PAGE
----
From Nigeria to Calgary- An internationally trained lawyer’s successful journey

When James Smith recently sold his Calgary law firm that has been in business since 1980 to Charles Osuji, an up-and-coming, young lawyer from Nigeria, he did so with a sense of confidence.

His clients would be in good hands. Of that he had no doubt.

Right from their first meeting in an April 2013 job interview for an articling position, Smith was impressed with Osuji’s depth of knowledge and friendly manner. Most especially, Smith was impressed by Osuji’s obvious business acumen — an area of struggle for Smith throughout his career.

“As the interview went on, I realized that come hell or high water, I wanted Charles,” recalls Smith, who promptly hired Osuji at the end of that first interview.

Osuji, in turn, was struck by the veteran lawyer’s humility. “This is someone who has practiced for over three decades,” says Osuji. “But when we discussed client files, Jim would want to hear my opinion. I found that humility very overwhelming.”

A strong partnership, underpinned by a sense of mutual respect and deep loyalty, was born.

“Jim has shown me that you need to be a good person first before you can be a good lawyer.”
—Charles Osuji

The two grew up a world apart—Smith in small-town Alberta, Osuji in Nigeria, the seventh of eight siblings. Osuji’s next-eldest sibling was eleven years older than him. “I was born into an adult family, so to speak,” he says. “I was a community project, in the sense that I had a lot of big brothers and big sisters that were ready to assist. I’ve always told my parents that their greatest gift to me were my brothers and sisters.”

His siblings are highly educated and successful professionals, and by living with one of his older brothers, Rev. Fr. Dr. Anthony Osuji, Charles was introduced from an early age to a life of study, focus and hard work. “As young as 7 years old, I had only two choices: reading and sleeping. Those were my choices”, he says.

Charles graduated at the top of his class and was called to the Nigerian bar in 2010. A year later, Charles came to Canada in 2011 through sponsorship by his brother, Dr. Joseph Osuji, a nursing professor at Mount Royal University, Calgary, Alberta. “After I landed, all I wanted to be was a lawyer,” says Osuji. “Because that was the culmination of my training in Nigeria.”

But Osuji also had some self-doubts. After all, Canada was new terrain for him, professionally speaking.

Although he had strong family support, he didn’t have a professional network, and he didn’t know the process of requalifying as a lawyer in Canada. So he reached out for help and took steps to build his network, connecting with CRIEC, which links international talent with local mentors.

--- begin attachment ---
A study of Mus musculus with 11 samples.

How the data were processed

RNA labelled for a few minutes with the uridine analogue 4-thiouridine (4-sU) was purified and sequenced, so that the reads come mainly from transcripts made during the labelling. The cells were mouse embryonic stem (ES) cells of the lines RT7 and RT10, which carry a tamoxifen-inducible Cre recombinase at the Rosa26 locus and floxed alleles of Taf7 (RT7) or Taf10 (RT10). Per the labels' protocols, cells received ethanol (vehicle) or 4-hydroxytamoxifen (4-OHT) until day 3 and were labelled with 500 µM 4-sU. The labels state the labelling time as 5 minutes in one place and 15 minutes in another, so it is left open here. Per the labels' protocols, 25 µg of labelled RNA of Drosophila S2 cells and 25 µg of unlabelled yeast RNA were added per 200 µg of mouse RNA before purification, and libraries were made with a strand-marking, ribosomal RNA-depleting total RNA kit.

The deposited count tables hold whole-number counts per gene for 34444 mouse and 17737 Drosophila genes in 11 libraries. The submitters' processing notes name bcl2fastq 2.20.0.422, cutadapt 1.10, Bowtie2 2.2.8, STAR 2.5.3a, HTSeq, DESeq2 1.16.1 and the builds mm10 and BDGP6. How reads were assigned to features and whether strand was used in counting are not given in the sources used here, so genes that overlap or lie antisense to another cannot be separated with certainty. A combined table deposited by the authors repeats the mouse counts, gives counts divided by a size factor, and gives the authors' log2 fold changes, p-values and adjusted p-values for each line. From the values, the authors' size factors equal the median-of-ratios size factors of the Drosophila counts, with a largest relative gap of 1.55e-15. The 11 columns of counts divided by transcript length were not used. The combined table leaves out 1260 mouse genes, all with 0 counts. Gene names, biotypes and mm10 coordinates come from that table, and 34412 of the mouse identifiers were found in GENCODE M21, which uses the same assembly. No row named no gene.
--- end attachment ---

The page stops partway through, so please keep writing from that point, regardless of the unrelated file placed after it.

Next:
Three people became key support for Osuji’s career journey: his brother, his CRIEC mentor Bruce Randall, and Smith.

One connection led to another. “It’s an organic system when it comes to getting ahead professionally,” says Osuji. Randall introduced Osuji to other lawyers in Calgary, and laid out possible career routes. Osuji eventually encountered Smith through a series of introductions that began with his brother.

Once Osuji had requalified and was hired by Smith, the firm began to take on a new look. Osuji’s enthusiasm complemented Smith’s humble wisdom. With Smith’s blessing, Osuji spearheaded renovations of their Kensington office. In 2016, Osuji became a named Partner and the firm was renamed Osuji & Smith (originally Smith Law Office).

Osuji & Smith was recently rated one of the best three employment law firms in Calgary. Its areas of practice include real estate, employment, family, personal injury, corporate and commercial, foreclosure, civil litigation, wills & estates and immigration.

In August 2017, Osuji officially bought out Smith, who is heading into retirement feeling content.

“I’ve talked to other lawyers of my ilk and age who haven’t been able to find anyone to take over their practices and know that their clients will be in good hands,” says Smith.

“My clients are in very good hands with Charles. I have always told him that in five years, he will be one of the top lawyers in Calgary”.

Charles, meanwhile, is giving back to his community and supporting other internationally trained professionals by being a CRIEC mentor and serving on the organization’s Board of Directors.

Looking back on his journey so far, Osuji says God, family and focus all played significant roles in his success. He stresses that his is not a journey he could have ever made alone.

“The path to success is not trodden individually,” Osuji says. “You need to be open to help from others. You need to get out there and meet people—and join organizations such as CRIEC that connect people with mentors.”

Watch the video to learn more about  this great partnership!